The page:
Social media use may have peaked: study

Plus, while Facebook remains the most popular social network, its users tend to spend less time online than users of sites like Reddit.

The report looked at data gathered from more than 6,000 Canadians via telephone interviews conducted between March and May of this year.

For the first time in more than a decade, the penetration rate of social media among Anglophones has remained unchanged from the previous year (75% from 2014 to 2015). That adds to the stat that since 2009, the penetration rate of social media has grown by only small increments (5% or less) every year.

Facebook remains king in its popularity — it’s used by 92% of social networkers, with LinkedIn at second place with 33%. Pinterest came in third at 27% while Twitter and Instagram pulled in 26% of social networkers each.

While 27% of users are active on one network, 70% use two or more, and 26% report being on at least three social networks.

Social media users love spending time online — while the average internet user spends 23.1 hours per week online, that number goes up to 26.1 for social media users.

A user’s social network of choice also says a lot about how much time they spend online. The average Anglophone Facebook user spends 25.5 hours per week on the internet, but users of Tumblr and Reddit are logging an average of 36.5 and 37.2 hours per week respectively online.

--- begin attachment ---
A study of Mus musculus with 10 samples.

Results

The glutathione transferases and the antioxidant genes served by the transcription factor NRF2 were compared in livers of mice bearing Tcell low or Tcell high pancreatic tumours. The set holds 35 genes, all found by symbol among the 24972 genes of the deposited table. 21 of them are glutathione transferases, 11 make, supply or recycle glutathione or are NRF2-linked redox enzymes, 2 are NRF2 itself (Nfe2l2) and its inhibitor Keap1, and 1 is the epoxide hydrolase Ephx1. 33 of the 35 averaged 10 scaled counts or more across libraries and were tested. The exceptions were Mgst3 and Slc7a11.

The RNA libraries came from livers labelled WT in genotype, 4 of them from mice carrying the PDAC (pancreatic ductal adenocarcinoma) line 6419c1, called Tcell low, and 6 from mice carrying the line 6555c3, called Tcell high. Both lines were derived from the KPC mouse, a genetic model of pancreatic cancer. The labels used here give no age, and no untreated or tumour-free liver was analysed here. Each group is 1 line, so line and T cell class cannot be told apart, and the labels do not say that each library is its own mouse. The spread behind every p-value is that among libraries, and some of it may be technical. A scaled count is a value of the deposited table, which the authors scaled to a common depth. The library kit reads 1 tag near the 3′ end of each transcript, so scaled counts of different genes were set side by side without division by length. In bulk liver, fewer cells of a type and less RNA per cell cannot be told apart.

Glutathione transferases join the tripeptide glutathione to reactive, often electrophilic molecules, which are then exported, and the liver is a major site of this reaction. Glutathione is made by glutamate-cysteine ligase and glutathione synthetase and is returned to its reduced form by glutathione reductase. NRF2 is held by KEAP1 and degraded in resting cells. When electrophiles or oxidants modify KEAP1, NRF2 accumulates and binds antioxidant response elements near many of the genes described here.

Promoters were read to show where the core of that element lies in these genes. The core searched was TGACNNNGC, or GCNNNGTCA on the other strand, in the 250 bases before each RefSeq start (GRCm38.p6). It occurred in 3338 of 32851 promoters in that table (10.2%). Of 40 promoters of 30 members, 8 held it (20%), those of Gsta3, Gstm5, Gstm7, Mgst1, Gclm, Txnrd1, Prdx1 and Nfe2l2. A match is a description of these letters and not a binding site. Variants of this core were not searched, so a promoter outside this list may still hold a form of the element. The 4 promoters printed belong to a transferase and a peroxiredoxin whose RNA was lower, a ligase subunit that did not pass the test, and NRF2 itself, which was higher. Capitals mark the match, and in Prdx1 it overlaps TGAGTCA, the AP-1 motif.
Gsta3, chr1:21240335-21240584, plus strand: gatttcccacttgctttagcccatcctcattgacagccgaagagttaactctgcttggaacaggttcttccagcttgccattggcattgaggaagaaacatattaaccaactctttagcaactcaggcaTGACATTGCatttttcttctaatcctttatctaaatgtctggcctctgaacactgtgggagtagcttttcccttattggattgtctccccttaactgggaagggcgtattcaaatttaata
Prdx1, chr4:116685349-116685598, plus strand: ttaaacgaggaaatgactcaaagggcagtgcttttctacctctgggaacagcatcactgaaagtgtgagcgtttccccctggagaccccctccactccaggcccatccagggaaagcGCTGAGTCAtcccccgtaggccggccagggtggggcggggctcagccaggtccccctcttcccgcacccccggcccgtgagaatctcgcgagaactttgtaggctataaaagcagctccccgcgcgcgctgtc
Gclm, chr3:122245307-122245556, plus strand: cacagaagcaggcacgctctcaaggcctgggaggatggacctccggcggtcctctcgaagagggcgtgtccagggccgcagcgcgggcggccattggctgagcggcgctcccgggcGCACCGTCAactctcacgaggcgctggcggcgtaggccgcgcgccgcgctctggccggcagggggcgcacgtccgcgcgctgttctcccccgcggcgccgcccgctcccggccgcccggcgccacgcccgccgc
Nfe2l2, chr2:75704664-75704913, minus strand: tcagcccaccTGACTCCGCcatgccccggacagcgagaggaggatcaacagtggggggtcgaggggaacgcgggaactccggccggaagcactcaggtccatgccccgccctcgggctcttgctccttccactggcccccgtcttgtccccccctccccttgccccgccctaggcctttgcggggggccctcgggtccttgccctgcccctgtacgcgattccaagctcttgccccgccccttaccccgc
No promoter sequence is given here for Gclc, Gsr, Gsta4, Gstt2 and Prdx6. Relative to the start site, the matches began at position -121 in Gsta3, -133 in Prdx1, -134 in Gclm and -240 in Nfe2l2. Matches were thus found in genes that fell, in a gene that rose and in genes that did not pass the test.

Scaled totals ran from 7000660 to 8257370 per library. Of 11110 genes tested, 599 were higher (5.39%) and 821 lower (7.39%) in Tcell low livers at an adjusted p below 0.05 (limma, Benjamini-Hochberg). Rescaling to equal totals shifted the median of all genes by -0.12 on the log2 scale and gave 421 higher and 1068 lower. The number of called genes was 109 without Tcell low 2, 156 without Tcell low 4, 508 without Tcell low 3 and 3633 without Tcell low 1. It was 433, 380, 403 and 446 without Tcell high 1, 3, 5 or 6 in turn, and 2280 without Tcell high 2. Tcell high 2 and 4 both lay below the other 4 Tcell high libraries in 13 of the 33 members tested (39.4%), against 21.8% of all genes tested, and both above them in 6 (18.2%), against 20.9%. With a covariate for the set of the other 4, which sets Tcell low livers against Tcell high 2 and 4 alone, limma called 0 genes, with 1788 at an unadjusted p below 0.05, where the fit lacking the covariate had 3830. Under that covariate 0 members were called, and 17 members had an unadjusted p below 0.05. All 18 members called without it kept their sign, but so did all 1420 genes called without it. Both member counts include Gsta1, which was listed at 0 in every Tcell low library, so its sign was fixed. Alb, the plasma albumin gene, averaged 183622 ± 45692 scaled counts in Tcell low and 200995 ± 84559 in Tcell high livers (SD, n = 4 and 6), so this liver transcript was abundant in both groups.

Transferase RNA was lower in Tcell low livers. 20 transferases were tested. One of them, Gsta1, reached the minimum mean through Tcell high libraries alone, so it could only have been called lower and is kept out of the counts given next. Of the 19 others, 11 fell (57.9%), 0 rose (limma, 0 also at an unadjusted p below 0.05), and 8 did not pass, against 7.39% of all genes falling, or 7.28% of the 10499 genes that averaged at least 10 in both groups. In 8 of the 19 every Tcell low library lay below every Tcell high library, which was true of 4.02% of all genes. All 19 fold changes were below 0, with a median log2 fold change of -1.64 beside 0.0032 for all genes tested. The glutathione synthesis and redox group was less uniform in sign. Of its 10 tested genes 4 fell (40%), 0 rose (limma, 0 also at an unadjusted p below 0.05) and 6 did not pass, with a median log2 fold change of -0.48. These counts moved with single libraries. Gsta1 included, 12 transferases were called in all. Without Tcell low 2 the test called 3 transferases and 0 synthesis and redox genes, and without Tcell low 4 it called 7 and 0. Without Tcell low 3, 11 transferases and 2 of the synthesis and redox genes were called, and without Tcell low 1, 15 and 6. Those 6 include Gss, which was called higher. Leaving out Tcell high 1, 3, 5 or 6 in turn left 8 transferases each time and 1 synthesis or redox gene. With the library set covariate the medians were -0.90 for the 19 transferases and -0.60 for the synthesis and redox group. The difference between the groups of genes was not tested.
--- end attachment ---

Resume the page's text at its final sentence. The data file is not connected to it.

One of the most significant changes observed was the use of mobile devices for social networking, growing from 60% to 68% from last year. The biggest driver? Newer, mobile-first networks, including Instagram and Snapchat.

Last year, Snapchat’s total penetration of Anglophone users was 9%, with a 41% penetration rate among students and a 41% penetration rate among 18 to 25-year-olds. It’s since grown in all those areas, with a reported 11% penetration among all users, 47% among students and 48% among 18 to 25-year-olds.

In a trend similar to that observed through the MTM’s recent study on news consumption, Canadians are also increasingly looking to social networks as a news source. Of all social media users, 49% reported using Facebook as a news source in the past month, while 48% said the same about Twitter.